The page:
Treatments And Therapies


Time seems to be the best therapy, but shortcuts develop for fast healing with pressure to get the horse back in action. Some are medically advanced (stem cell, shock wave, hyperbaric), and some are traditional (physical therapy, chiropractic, massage). I have found that the treatment’s effectiveness is proportional to the practitioner’s ability.

I often find the addition of sound nutritional advice missing in selecting a therapy. I sound like a stuck record here because I believe prevention of most injuries comes with good feeding practices. This approach would avoid the need for treatments and therapies. Still, once injured, the addition of the correct materials from nutrition is needed for repair and included in every therapy and treatment discussion.

For example, treatment for a horse with laminitis includes ice therapy, anti-inflammatories, and therapeutic shoes. Nutritionally, the horse is placed on a reduced sugar diet and tested for insulin resistance. A proven approach excludes all glucose (soaking the hay, no pasture) and adds high-quality protein. Still, no one looks at the root cause of this disease – chronic protein deficiency causing poor hoof quality plus inflammation from excess blood glucose.

In veterinary and human medicine, the approach taught to students has been to identify the problem and then treat it with the goal of a quick recovery. I rarely hear of any of these people looking at the root cause of any issue and working towards a more long-lasting recovery and prevention. I can’t take the credit for calling this “Whack-A-Mole medicine,” but this isn’t just a problem in veterinary medicine. Some human doctors are investing in longevity lifestyles and health changes to prevent illness as we age, thus avoiding the focused approach to treatment so common today. This proactive approach requires 1) medical schools to teach it and 2) owners to want it. In the world of instant repair of problems, multiple therapies thrive.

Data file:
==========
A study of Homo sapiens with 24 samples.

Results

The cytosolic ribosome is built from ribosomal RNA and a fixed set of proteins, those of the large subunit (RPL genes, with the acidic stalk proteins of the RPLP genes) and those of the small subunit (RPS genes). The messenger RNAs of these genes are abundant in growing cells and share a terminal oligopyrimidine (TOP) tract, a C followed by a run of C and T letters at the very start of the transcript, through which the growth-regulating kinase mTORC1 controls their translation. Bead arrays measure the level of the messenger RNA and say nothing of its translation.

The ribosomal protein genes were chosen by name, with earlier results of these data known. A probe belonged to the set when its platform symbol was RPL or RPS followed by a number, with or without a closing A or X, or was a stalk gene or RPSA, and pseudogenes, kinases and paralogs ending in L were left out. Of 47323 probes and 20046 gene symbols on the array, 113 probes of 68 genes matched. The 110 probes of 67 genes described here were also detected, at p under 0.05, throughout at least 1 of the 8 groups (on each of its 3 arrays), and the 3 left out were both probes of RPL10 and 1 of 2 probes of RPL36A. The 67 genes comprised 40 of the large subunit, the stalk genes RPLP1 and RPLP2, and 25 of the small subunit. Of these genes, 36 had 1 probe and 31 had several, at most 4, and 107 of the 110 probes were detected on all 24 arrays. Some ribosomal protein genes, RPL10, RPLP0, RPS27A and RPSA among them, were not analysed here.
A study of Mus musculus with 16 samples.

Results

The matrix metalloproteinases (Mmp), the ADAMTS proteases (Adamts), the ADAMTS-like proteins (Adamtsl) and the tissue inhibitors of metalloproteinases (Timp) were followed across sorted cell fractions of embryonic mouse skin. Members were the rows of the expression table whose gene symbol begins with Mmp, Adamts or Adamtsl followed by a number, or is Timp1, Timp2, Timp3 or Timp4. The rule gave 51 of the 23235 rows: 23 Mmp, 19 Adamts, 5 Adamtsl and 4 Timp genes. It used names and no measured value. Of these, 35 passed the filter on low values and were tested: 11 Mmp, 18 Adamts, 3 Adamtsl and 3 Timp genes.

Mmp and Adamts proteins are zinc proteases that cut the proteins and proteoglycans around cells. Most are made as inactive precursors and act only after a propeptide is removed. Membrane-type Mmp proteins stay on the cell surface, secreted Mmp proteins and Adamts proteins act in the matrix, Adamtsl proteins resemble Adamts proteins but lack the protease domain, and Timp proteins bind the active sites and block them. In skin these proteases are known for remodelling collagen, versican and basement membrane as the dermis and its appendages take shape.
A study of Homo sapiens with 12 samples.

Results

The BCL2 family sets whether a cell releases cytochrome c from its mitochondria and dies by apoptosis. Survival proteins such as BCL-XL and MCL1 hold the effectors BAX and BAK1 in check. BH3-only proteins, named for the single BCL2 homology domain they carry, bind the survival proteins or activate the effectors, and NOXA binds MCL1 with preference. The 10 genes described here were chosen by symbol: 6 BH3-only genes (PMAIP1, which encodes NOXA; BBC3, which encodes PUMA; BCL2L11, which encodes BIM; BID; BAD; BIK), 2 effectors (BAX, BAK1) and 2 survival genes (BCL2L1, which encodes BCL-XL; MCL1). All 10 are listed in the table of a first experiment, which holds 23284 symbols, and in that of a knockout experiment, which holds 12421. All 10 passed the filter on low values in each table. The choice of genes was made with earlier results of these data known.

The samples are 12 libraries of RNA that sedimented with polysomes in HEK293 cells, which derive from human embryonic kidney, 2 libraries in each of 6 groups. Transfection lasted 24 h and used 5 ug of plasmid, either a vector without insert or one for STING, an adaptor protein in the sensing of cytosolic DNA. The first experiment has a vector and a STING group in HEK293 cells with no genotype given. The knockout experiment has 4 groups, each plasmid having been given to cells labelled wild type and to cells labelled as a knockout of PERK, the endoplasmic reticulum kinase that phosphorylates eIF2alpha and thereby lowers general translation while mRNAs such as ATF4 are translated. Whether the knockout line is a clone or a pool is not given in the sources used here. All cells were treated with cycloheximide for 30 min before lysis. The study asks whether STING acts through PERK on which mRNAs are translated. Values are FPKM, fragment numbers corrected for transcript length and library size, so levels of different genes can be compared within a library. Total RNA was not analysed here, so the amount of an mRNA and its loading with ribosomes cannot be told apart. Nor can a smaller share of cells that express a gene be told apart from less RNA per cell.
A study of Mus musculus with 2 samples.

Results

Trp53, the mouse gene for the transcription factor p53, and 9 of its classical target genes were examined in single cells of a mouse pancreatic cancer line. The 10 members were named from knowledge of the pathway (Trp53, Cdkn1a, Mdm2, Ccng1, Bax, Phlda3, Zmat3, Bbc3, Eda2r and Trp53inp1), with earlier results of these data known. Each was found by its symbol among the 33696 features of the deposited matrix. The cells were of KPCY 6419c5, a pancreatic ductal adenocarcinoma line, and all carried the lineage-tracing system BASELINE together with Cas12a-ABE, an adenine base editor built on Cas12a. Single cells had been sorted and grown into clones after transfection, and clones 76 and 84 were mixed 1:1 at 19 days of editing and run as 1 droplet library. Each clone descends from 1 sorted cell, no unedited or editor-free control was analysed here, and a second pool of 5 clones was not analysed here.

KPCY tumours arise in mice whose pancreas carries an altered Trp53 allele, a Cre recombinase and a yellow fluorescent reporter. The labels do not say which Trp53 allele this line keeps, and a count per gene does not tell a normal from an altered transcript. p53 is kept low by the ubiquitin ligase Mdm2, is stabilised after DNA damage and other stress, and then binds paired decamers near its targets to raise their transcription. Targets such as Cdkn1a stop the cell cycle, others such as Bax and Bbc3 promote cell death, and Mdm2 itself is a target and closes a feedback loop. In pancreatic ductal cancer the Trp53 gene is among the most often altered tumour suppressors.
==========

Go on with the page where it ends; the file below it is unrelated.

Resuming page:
But the underlying problem is often ignored. You cannot fix a bad hoof with trims, shoes or supplements until you fix the nutrition of the hoof and the horse.

Remember that an ounce of prevention is worth a pound of cure. Excluding trauma, horse owners could prevent most illnesses and soundness issues with good nutrition and training. And most problems, if given good food and good workouts, will recover with time. However, don’t rush the beautiful processes the body has to heal. After all, these processes have been around longer than man and horse have been together.